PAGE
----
It’s been a busy few weeks since my last post. I have been busy job hunting (interview this week…), getting people in to quote for work in the house, looking after my son, visiting friends in London and Cambridge and starting to get a feel for Folkestone.
We could not have arrived at a better time for someone who loves the contemporary arts. The town has been steadily building up for the Folkestone Triennial and Folkestone Fringe, which finally began with a dig in the sand last Thursday (Michael Sailstorfer’s Folkestone Digs). I will definitely blog about the triennial soon – it will need a post all to itself!
For a place that gets a lot of stick (googling it prior to the triennial got more moans than compliments) Folkestone is doing just fine if you ask me. Over the last few weeks my son and I have far from run out of child friendly activities and our family weekends have been filled with sightseeing and art-seeing as well as visits to see friends and family elsewhere.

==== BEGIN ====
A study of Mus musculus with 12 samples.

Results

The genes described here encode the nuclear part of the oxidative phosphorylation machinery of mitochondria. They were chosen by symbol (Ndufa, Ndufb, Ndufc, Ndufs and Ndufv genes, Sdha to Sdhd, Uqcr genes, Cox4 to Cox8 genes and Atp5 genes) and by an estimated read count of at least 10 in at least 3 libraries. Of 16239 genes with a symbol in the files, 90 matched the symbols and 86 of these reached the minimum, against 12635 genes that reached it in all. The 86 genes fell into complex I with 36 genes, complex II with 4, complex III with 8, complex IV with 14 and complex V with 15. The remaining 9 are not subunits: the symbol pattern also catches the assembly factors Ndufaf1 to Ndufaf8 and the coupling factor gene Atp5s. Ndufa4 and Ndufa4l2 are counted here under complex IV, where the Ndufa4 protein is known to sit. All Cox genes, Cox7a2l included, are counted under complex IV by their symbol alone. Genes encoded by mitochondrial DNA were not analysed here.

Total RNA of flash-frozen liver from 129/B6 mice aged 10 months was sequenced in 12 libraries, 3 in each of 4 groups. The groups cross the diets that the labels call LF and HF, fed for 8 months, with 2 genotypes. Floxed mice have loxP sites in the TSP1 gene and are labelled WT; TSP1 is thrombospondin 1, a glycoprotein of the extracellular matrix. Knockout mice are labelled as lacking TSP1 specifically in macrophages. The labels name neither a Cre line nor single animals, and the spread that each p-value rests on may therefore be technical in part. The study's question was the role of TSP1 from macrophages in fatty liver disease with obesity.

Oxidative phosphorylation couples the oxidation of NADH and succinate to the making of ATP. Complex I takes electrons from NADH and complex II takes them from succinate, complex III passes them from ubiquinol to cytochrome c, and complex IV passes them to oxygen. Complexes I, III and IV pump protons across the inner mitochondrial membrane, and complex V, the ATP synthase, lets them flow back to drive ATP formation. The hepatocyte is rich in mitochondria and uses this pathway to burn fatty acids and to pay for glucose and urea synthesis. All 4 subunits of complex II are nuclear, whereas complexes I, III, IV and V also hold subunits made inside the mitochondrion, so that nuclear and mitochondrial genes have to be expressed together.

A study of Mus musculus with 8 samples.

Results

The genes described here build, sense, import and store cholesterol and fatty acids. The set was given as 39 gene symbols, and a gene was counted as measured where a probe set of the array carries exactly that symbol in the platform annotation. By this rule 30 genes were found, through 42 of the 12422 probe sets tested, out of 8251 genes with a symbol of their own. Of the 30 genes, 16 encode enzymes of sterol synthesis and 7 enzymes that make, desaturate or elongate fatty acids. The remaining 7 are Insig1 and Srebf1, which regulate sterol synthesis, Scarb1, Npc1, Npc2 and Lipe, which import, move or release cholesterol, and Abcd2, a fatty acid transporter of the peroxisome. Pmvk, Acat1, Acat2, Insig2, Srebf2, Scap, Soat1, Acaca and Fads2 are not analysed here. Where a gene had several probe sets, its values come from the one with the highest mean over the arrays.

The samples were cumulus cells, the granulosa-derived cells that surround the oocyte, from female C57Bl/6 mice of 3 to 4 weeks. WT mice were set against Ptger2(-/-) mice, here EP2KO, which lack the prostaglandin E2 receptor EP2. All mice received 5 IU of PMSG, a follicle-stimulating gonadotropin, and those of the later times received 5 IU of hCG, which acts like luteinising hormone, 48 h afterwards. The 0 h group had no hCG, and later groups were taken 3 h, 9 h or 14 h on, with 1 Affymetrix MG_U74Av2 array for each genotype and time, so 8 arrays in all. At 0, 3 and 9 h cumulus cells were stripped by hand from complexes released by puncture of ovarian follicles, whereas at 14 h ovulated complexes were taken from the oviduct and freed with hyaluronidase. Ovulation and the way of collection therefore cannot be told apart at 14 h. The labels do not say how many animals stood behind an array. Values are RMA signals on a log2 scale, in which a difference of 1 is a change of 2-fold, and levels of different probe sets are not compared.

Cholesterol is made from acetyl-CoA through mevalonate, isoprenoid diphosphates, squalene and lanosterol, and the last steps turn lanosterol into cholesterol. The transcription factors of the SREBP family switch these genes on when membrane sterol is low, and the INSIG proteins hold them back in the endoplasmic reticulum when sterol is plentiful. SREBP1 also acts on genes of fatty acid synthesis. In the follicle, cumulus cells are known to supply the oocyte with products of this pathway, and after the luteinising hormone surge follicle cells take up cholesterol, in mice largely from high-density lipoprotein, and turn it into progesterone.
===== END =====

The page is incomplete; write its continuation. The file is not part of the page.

Having my son to entertain, I am now quite familiar with Radnor Park (great to live next door to a lovely park), The Coastal Park, The Old High Street, Sunny Sands, the ‘Peddle Beach’ (that’s what my son calls the pebble beach just below Mermaids cafe), Lathe Barn out beyond Hythe (an easy dayout where I get to sit down watching my son play) and we have made trips to the lovely Brockhill Country Park and Kearsney Abbey and a slightly dull visit to Sandwich (pretty, but shut on a Sunday afternoon). We also popped into Hythe to see St Leonards crypt – bit creepy!
Being out and about in Folkestone and beyond still feels like being on holiday. I wonder if we will tire of the beach and the parks and crave the concrete and culture of London, or if we will feel privileged to have best of both worlds as London is in easy reach. I must say I am feeling a sense of pride that I can now call Folkestone home!